Most of this will apply to all models but there may be small individual differences in things like bearing retainers.
So you think you have a problem with your bearings, either because they are making a noise or because the handling has gone off.
OK. Lets check the bearings first.
Obviously(?) the wheels needs to be off the deck. One at a time will do.
Make sure that the brake pads are not rubbing.
Spin the wheel slowly and listen closely at the hub for any grating/ rumbling noises.
The front should spin freely; the back one, having the drive shaft and gearbox to turn will not spin anything like as free.
Grasp the wheel top and bottom and try for lateral movement (rocking).
Any noises or movement mean the wrenches are coming out to play!
As for when to do this, the favourite time would be when tyres are being replaced. When the back wheel is off is may be easier to feel for grittiness in the bearings with your finger.
Bearing life is firstly very much dependant on the qualilty of the bearing.
Honda always fits top quality stuff. Do the same if you have to replace them.
Secondly it depends on the way the bearing is used /abused. On a road bike they don't really get abused like, say, a dirt bike but these machines of ours are heavy. If you tour a lot two up at speed with a load of gear you should reasonably expect the bearings to last a lot less mileage than someone who uses it for a slow trip round the corner to see Aunty Nellie!
Plus you probably don't know how the previous 376 POs have treated it. :-?
Thirdly. it depends on the maintenance and the type of bearing.
The original one open side/one sealed side type originally fitted to the wheels inevitably looses some of the lubricant into the hub. Also on the ones I have removed which seem to have the original grease in them (maybe), the grease has hardened up until it no longer seems like grease.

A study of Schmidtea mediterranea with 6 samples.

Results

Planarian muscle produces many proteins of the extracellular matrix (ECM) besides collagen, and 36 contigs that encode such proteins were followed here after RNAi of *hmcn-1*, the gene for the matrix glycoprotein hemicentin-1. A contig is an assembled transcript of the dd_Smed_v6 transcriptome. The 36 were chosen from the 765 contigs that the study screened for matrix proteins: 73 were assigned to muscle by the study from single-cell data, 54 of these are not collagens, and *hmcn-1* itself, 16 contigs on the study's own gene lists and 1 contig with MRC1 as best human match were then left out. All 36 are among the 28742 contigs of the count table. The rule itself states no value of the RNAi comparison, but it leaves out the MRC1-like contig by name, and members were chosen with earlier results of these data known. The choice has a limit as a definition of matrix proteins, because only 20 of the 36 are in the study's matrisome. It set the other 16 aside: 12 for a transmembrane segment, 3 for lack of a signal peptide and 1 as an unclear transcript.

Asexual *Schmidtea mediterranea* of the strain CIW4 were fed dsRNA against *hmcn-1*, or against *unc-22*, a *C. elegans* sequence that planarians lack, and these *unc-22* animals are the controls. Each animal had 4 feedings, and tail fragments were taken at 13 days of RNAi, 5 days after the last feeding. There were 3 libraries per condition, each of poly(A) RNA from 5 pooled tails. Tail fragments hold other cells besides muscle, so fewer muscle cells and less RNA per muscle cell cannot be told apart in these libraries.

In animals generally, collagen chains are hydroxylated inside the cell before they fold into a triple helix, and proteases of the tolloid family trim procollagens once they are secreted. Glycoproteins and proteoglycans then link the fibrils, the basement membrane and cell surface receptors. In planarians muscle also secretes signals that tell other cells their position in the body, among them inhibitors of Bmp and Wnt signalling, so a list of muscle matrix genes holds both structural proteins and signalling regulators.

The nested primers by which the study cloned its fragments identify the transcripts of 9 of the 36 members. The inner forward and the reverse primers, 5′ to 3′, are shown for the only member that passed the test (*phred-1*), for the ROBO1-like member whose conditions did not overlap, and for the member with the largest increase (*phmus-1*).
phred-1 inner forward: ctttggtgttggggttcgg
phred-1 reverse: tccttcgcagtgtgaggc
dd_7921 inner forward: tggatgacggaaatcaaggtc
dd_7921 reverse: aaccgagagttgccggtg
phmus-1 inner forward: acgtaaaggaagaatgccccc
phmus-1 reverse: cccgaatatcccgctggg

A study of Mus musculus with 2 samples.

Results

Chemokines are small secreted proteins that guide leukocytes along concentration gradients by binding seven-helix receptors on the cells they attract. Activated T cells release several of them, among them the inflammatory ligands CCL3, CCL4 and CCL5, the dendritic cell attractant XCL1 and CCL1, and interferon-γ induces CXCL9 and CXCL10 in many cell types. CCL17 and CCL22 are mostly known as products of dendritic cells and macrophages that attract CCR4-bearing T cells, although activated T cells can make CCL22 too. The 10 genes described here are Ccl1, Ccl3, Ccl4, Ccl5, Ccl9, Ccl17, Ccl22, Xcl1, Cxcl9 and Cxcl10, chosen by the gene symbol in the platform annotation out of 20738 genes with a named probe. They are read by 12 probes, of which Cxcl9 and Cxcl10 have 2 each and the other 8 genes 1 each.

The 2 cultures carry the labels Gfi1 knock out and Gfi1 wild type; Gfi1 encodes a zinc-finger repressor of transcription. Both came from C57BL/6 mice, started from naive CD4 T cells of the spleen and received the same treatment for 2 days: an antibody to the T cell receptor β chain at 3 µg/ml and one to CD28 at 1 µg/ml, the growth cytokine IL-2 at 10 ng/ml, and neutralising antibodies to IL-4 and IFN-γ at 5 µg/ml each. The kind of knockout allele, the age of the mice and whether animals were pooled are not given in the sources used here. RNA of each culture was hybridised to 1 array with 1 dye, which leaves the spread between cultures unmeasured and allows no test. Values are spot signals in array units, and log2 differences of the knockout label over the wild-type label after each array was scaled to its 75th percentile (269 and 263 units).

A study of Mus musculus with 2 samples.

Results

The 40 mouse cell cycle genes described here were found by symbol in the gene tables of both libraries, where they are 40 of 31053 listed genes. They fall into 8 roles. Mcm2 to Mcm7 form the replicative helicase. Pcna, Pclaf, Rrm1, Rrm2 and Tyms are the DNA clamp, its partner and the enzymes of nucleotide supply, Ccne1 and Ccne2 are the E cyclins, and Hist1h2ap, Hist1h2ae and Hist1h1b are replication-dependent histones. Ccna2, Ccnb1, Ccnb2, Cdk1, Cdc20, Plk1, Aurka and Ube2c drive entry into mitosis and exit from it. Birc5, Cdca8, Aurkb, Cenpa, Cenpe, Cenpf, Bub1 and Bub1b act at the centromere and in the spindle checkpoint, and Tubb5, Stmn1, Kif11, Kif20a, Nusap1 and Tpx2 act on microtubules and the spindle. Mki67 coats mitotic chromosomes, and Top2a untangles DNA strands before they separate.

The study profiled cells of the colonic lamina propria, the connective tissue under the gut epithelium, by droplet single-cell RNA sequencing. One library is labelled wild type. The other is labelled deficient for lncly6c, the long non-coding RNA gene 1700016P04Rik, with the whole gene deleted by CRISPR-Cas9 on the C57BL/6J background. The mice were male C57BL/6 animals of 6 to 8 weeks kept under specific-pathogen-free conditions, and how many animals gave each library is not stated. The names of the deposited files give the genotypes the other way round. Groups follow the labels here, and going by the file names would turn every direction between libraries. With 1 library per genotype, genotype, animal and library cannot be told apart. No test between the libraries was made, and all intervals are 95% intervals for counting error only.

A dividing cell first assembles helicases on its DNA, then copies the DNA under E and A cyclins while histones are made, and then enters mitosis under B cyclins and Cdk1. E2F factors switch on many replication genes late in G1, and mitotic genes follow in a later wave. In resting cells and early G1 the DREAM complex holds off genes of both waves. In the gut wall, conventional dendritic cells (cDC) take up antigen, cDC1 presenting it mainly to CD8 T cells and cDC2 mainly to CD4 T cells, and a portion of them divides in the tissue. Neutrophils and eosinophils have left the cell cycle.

I would suggest that a reasonable figure for stripping these out for cleaning and relubing would be say 25K miles.
I would also suggest that, once you have stripped them out of the hubs, heave the bloody things as far as you can into the nearest dump and fit the double sealed type ie. 6204 2RS. Then you can just forget about them as far as your maintenance schedule goes. :-D :-D
These are standard bearing numbers used by all the bearing manufacturers.
The suffix RS or 2RS simly means one Rubber Seal or two Rubber Seals!
Front wheel needs two 6302 2RS
rear Wheel needs one 6204 2RS and one 6304 2RS.
These numbers suit both the 1000 and 1100
These are readily available from any bearing distributor.
Be aware. there area lot of cheap Chinese bearings around. I have opened one up and found NO grease whatsoever inside.
Buy good stuff like FAG, SKF . Youll be surprise how little difference there is in price between stuff that will last for ever and total sh*t.
On both the retainers you will probably find that they have been punched (staked) at the threads. Use a small drill and carefully drill out the punch marks. Only drill out enough to remove the damaged thread.
DO NOT try and remove them without doing this.
The bearing retainers are made of alloy and very easily damaged on removal.
On the rear retaining ring, I used an adjustable peg tool made for tightening up wheels on an angle grinder; a very cheap tool that I had to put a weld on the back of the pegs to strengthen them but it did the job without wrecking the retaining ring.
The front one is easier as it has flat notches instead of round holes. I used a piece of flat bar about 18" long with another bit that fitted into the retainer welded to the bar in the bar in the centre of it.
When replacing the retainers, just use some BLUE Loctite; it's more than secure enough without staking the threads.
Don't use Red or that retainer ain't never, ever coming out again!
We will be doing bearing kits for both wheels in the near future.